This is the greatest country on earth. The best democracy. The most freedom. America is the greatest place in the entire universe!
That’s what I’ve heard from the mouths of white people my whole life. That’s what I read in the school books. That’s what I hear in the national anthem. That’s what I see on television and in the movies.
All my life, the assumption that America is the Greatest Country Ever has permeated my world as if it were another element in the air we breath. Now I get it! All those white people were right!
I have officially deleted all my skepticism about the United States of America and its great democratic experiment. America is the greatest country on earth! Anyone can rise up and become president of the United States! A man born five months before me, President Obama, is living proof!
Before President Obama, I couldn’t relate when white people said things like, “I support our president,” or “I’m doing it for America because I love this country.”
Now I get it. I love America like every white person who has ever loved America!
More than ever, I’m grateful to have been born in America.
America is more than the sum of the actions and beliefs of any one person, race or group.
America truly is the great democratic experiment, the first place in human history where human rights have had this much dialogue at the table, pretty much at all times.
Consider this: the fact that our founding fathers talked about and struggled with the issue of slavery was actually progress. A breakthrough even.
Given what we know about successive generations becoming more tolerant than previous generations, think the grandfathers of America’s founding fathers were as conflicted about things like slavery?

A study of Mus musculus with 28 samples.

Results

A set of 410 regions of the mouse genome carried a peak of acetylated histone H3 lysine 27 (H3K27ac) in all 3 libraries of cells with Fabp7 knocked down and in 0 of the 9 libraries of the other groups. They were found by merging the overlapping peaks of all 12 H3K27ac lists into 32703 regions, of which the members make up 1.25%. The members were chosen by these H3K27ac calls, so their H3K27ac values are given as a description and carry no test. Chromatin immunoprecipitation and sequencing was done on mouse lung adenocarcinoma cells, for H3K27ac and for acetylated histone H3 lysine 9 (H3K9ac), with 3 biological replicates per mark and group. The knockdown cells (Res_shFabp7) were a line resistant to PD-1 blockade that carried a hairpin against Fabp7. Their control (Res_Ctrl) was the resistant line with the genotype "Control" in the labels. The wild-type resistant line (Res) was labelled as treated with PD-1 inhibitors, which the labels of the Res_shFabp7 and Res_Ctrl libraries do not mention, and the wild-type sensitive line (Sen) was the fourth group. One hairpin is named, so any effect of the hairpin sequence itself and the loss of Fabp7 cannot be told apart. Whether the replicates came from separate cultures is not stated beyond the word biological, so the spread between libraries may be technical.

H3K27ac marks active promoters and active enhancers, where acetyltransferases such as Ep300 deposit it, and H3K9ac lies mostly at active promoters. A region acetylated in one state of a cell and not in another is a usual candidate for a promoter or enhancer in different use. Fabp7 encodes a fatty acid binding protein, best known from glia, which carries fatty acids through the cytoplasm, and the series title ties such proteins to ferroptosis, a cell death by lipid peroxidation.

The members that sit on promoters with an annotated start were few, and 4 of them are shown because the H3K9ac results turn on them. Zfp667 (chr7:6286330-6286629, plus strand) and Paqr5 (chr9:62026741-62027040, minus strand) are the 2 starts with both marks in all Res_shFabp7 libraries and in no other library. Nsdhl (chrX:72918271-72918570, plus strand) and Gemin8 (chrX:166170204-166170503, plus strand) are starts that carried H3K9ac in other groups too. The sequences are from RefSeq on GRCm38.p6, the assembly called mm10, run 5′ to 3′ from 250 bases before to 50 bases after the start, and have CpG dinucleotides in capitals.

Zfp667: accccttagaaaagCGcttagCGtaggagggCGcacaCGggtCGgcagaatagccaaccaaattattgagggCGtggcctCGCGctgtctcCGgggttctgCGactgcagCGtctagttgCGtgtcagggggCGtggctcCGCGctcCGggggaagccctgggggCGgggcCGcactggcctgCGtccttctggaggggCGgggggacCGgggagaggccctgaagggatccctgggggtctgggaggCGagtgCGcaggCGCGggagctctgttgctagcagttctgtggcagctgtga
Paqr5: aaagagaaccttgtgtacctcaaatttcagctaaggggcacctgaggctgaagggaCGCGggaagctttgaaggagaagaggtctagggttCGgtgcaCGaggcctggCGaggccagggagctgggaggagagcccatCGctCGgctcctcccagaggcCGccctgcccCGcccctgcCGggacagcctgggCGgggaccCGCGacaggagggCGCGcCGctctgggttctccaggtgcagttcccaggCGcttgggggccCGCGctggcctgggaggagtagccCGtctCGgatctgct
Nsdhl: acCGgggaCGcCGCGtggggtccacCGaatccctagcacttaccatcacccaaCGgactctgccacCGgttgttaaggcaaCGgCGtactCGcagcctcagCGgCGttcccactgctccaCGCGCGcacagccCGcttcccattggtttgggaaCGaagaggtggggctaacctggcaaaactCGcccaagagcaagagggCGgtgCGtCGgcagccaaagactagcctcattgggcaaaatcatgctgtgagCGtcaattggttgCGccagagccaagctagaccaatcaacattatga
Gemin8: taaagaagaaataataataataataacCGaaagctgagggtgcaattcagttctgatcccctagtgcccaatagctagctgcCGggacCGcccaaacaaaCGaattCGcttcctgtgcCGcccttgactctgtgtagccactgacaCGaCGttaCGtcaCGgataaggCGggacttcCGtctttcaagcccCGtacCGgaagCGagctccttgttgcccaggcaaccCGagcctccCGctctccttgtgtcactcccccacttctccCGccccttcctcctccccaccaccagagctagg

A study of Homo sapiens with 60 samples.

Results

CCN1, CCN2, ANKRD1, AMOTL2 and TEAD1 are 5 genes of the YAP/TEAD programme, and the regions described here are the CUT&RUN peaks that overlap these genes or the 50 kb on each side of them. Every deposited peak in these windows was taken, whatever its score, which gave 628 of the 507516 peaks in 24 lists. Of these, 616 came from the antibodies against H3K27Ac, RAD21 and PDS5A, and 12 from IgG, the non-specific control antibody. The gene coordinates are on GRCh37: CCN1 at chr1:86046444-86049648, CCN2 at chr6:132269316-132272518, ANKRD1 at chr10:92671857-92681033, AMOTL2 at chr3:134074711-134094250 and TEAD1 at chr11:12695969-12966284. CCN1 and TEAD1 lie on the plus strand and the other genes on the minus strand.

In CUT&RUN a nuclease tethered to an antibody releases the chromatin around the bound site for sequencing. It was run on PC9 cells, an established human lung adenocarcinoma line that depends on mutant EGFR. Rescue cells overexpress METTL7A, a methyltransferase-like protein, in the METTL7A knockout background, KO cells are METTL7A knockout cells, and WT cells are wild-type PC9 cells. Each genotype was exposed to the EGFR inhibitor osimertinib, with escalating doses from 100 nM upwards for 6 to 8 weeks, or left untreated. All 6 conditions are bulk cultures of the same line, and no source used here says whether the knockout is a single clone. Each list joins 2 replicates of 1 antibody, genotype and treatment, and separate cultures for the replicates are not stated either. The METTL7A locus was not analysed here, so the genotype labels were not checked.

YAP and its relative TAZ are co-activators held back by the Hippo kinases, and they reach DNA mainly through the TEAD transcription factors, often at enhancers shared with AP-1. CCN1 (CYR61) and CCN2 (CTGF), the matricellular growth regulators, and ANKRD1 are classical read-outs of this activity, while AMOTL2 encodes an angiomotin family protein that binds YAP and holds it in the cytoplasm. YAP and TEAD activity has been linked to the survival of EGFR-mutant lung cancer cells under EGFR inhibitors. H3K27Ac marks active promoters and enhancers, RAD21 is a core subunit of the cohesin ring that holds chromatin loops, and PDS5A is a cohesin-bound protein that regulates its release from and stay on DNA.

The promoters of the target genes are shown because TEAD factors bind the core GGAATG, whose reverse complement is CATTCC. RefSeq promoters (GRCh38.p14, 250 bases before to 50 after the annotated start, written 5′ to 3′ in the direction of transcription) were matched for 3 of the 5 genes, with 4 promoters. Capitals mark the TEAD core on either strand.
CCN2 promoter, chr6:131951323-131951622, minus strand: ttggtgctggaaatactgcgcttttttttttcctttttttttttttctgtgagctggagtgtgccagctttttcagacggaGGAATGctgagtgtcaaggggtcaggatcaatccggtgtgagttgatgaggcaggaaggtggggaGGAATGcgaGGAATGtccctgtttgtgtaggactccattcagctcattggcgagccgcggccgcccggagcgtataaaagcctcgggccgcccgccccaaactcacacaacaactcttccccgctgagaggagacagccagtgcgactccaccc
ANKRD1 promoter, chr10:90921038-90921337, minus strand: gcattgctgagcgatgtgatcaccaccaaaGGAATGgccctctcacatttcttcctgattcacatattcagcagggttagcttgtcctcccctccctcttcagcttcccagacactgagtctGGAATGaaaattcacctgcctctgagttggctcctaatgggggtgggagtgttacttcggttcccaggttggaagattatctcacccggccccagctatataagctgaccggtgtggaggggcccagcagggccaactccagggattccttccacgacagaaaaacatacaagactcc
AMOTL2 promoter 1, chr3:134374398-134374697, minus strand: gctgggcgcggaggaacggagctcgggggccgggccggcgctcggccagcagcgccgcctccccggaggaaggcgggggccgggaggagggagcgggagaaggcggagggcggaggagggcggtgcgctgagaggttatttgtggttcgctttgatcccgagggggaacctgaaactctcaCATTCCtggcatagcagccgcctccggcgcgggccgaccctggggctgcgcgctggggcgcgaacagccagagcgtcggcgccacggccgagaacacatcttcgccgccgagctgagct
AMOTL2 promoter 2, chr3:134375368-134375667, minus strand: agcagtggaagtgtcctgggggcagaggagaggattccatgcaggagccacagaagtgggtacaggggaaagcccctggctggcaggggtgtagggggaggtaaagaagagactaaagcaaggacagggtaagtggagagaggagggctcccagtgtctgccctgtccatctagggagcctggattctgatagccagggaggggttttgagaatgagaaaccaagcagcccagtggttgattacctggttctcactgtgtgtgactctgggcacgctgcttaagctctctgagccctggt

Before America, human rights for anyone, let alone everyone, was an alien thought, relatively speaking.
Before America, kings, queens, warlords (and other religious deities) created the law of the land (because it is written in the stars).
Before America, there was little or no upward mobility in society for anyone, regardless of skin color or personal aptitude.
America was not only a new world, America was a new way of thinking, a new way of looking at the world, a new way of looking at human beings and their individual rights. Those bold ideas have evolved to become more and more inclusive and universal, which is why the world still looks to America as its beacon of hope.
Now I get it.
By becoming a living example, President Obama has shown me that America is a beacon of hope for all of us, even us black folk who are the descendants of the men and women who were slaves but a few generations ago.
I love America. I no longer feel like its stepchild. I love my president. I support my president. I feel the same as every white person who’s ever heard utter the words, “I love my country.”
That as much as anything makes me proud to be an American.